New gene test developed at HUS helps in prescribing medicines

Keywords:
  • HUS Diagnostic Center
  • Diagnostiikkakeskuksen tieteellinen tutkimus

HUS Diagnostic Center has developed and implemented a new gene test that enables to better determine which medicines are suitable for the patient.


Not all medicines are suitable for everyone. With some medicines, the human genes determine what kind of effect the medicine will have. Before prescribing this type of medicines, it may be necessary to perform a gene test on the patient to help the physician select the medicine and determine the dose correctly.

Previously, HUS Diagnostic Center always tested one gene with an impact on pharmacotherapy at a time. The new test, implemented in January, can be used to simultaneously examine all those gene variants associated with medicines that are currently clinically relevant.

This way, information about the patient is also collected in advance for possible subsequent pharmaceutical treatments. Treatment can also be started sooner when there is no need to wait for the results of the new gene test. The test results may affect both the choice of the medicine and the dose.

“More than one half of HUS’s patients receive medication in which it would be beneficial to take into account genetic variation,” says Mikko Niemi, Professor of Pharmacogenetics at the University of Helsinki and Head Physician at HUS Diagnostic Center. He was in charge of the development of the new gene test.

The test can be modified if new research so requires

The testing begins with the collection of a blood sample from which DNA is isolated. The genes in the DNA are analysed using a laboratory method developed at HUS Diagnostic Center and a computer program developed for this test. 

“At the moment, the customer receives the result in about a week,” explains Arto Orpana, Chief Clinical Chemist from HUS, who was involved in creating the test.

New features are constantly added to the test, which currently provides information on 12 different genes. The test has been built to allow modifications if medical research provides new information on the effect of genes on the efficacy of medicines.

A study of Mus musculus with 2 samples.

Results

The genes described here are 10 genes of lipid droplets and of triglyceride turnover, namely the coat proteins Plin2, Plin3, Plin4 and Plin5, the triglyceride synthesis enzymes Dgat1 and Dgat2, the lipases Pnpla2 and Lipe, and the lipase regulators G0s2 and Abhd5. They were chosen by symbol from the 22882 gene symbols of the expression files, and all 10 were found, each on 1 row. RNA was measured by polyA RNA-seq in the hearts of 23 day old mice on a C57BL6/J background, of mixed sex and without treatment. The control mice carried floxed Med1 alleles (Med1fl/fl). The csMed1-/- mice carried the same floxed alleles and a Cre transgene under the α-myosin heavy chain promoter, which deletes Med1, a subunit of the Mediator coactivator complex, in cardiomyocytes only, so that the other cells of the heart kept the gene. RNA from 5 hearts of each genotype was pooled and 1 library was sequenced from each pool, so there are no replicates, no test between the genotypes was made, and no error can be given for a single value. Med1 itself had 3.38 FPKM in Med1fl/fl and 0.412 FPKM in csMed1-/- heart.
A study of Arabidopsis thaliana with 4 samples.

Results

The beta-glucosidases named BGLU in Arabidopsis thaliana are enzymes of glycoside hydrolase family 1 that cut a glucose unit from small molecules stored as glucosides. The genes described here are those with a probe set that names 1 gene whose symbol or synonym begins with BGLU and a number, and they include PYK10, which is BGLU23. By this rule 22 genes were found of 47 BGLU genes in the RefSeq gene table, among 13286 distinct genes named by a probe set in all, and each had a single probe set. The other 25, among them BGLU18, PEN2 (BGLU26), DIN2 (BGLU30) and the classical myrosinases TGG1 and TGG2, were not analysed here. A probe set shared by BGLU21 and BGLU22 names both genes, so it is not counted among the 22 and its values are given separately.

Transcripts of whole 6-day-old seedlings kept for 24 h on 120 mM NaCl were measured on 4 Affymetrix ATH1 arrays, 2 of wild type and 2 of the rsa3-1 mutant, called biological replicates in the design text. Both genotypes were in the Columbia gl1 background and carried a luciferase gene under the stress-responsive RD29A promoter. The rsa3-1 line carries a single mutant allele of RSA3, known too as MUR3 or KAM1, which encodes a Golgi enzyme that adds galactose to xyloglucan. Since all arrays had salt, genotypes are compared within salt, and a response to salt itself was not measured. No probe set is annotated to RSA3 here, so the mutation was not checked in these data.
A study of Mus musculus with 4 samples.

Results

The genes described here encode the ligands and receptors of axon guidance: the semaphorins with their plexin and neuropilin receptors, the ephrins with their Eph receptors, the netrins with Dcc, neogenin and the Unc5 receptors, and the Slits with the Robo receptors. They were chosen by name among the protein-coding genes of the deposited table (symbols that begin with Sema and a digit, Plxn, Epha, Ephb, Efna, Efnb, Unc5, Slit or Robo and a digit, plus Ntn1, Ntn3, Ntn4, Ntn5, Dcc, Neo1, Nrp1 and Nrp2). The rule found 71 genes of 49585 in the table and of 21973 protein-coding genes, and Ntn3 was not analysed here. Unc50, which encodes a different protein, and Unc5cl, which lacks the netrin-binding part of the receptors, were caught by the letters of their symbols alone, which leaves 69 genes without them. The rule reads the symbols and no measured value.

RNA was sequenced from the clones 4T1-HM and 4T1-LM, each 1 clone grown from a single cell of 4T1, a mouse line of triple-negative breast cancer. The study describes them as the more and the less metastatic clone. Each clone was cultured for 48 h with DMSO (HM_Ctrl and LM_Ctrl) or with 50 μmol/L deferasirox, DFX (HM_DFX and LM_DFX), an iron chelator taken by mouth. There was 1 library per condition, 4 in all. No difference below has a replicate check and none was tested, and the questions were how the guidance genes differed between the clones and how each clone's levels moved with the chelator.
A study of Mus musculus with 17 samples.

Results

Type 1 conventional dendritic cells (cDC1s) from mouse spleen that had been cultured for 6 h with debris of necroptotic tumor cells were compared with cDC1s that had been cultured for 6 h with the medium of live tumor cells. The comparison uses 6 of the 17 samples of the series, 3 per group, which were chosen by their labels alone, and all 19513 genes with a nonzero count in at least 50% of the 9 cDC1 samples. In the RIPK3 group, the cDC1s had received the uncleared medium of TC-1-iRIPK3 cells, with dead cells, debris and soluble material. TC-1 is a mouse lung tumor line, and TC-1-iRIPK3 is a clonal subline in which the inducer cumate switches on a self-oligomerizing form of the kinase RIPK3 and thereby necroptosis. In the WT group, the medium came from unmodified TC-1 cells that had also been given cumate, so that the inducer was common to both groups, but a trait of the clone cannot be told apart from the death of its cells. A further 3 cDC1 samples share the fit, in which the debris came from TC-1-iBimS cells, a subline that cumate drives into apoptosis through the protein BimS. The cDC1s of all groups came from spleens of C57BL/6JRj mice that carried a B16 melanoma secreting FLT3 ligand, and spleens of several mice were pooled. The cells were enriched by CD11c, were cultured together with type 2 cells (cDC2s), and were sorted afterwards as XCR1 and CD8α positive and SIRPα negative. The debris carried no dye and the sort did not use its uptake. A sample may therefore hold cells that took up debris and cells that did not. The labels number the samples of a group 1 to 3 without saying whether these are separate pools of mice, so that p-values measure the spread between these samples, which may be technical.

The samples are examined at the Genetics laboratory of HUS Diagnostic Center. No other party in Finland conducts such comprehensive research on genes affecting pharmacotherapy. A special feature of the test is its advanced interpretation of results to facilitate clinical work. The test is available at HUS Diagnostic Center for the whole of Finland.

The new gene test provides information only on the suitability of medicines. In other words, it does not reveal any hereditary diseases or other characteristics.

Cutting-edge technical implementation

So far, the new genetic test has been performed on 2,000 samples at HUS Diagnostic Center. Most of the tests have been performed on cancer patients. Other groups have included patients with depression, inflammatory bowel diseases and skin diseases.

The new test developed at HUS Diagnostic Center is internationally unique. Testing can now be done even faster and it is cheaper. 

“We have managed to make the costs low. These tests are often expensive,” Niemi says. “In terms of its technical implementation, the test is cutting-edge.”

A system is currently being built in the Apotti patient information system to automatically check the results of the patient's gene test. For example, the system may suggest that the physician treating the patient should prescribe a certain dose or select another medicine. 

HUS has also published an online Pharmacogenetics Guide for prescribers of medicines.